Phytophthora Ramorum or ‘Sudden Oak Death’
Phytophthora Ramorum or ‘Sudden Oak Death’ is a fungus-like pathogen of plants that is causing extensive damage and mortality to trees and other plants in parts of the United Kingdom.
It has also been found in a number of European countries, but mostly on plants and shrubs, especially rhododendron, viburnum and camellia. It is believed that it may have been introduced from the USA where it has caused significant damage and mortality to many trees and other plants – including American Oaks – hence the alternative name of ‘Sudden Oak Death’.
However, few trees in the UK were affected until 2009, when Phytophthora Ramorum was found infecting and killing large numbers of Japanese larch trees in South West England.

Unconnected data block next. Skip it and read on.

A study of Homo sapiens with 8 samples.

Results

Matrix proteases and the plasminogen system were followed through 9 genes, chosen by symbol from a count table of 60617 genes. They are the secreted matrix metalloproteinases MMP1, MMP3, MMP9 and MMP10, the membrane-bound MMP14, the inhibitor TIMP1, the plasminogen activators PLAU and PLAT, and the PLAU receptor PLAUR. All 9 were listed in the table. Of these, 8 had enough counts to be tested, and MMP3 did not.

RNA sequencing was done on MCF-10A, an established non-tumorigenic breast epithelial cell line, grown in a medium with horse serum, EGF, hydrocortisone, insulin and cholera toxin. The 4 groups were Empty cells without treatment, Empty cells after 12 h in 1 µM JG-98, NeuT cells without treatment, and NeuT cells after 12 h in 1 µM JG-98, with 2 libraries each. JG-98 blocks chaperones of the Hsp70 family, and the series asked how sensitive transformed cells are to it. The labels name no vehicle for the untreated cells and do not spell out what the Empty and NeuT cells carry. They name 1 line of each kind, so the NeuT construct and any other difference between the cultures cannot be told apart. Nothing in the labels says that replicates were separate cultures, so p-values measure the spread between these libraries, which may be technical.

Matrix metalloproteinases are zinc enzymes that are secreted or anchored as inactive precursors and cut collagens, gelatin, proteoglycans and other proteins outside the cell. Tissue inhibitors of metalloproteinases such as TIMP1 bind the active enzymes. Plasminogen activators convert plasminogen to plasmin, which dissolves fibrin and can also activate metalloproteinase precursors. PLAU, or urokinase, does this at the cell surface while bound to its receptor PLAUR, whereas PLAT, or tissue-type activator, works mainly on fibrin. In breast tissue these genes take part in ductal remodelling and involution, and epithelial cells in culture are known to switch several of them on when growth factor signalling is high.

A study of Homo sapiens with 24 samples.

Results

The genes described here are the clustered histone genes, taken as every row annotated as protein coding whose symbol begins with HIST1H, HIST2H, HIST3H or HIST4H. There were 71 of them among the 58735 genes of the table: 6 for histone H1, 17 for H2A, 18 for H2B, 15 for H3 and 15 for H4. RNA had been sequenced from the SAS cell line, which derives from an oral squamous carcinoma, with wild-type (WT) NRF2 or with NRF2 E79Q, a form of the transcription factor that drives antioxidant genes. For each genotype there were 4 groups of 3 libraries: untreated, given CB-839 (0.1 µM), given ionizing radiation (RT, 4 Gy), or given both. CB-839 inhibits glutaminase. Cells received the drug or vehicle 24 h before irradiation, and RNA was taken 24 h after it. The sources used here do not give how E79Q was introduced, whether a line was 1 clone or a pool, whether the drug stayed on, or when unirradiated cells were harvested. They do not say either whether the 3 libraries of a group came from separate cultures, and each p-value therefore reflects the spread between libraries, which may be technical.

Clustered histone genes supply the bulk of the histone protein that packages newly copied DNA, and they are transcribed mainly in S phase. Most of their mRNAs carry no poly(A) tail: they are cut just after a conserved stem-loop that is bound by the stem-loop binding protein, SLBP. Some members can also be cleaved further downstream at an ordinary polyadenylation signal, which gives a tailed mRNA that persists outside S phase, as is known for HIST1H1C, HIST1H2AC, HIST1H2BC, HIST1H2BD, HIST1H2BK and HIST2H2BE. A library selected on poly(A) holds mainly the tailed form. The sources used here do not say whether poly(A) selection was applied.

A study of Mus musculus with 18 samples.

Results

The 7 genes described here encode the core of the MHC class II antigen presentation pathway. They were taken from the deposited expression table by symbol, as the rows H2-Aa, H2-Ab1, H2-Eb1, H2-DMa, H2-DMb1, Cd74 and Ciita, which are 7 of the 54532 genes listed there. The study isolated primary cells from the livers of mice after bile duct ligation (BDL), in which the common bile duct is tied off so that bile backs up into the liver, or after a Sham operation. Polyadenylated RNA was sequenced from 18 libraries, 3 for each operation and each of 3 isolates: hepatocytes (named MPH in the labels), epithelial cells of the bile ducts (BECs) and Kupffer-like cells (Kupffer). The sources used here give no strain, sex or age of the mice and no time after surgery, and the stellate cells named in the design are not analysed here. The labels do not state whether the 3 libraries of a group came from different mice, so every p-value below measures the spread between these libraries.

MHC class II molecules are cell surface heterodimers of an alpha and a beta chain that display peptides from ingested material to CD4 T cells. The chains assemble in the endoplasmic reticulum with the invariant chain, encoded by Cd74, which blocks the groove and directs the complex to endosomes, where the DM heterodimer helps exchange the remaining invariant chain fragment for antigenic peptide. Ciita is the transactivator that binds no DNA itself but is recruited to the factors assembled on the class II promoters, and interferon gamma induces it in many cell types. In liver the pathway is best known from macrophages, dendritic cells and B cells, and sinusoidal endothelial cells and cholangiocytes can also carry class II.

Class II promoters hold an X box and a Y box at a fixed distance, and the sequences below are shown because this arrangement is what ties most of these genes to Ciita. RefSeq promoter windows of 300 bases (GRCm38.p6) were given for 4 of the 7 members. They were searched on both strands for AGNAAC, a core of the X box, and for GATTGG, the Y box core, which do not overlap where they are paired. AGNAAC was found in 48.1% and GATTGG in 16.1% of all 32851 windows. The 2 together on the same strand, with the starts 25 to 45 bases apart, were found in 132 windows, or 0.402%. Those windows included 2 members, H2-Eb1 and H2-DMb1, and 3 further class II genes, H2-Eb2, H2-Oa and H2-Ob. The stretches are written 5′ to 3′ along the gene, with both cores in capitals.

The Raleigh Estate has had several confirmed outbreaks of Phytophthora Ramorum or ‘Sudden Oak Death’ since 2011. As a result, the Estate has been working with the Forestry Commission and professional forestry contractors to fell and remove infected timber.
This disease is not harmful to humans but there is potential for people to aid the transfer of the disease via footwear and clothing etc. Warning notices are in place where forestry operations are taking place. For your own safety and the continued health of our woodland please be aware of any warning notices and ensure you stay on designated footpaths.
By 2018 the vast majority of our Japanese larch had been removed and the trees are gradually being replaced with native broadleaf trees.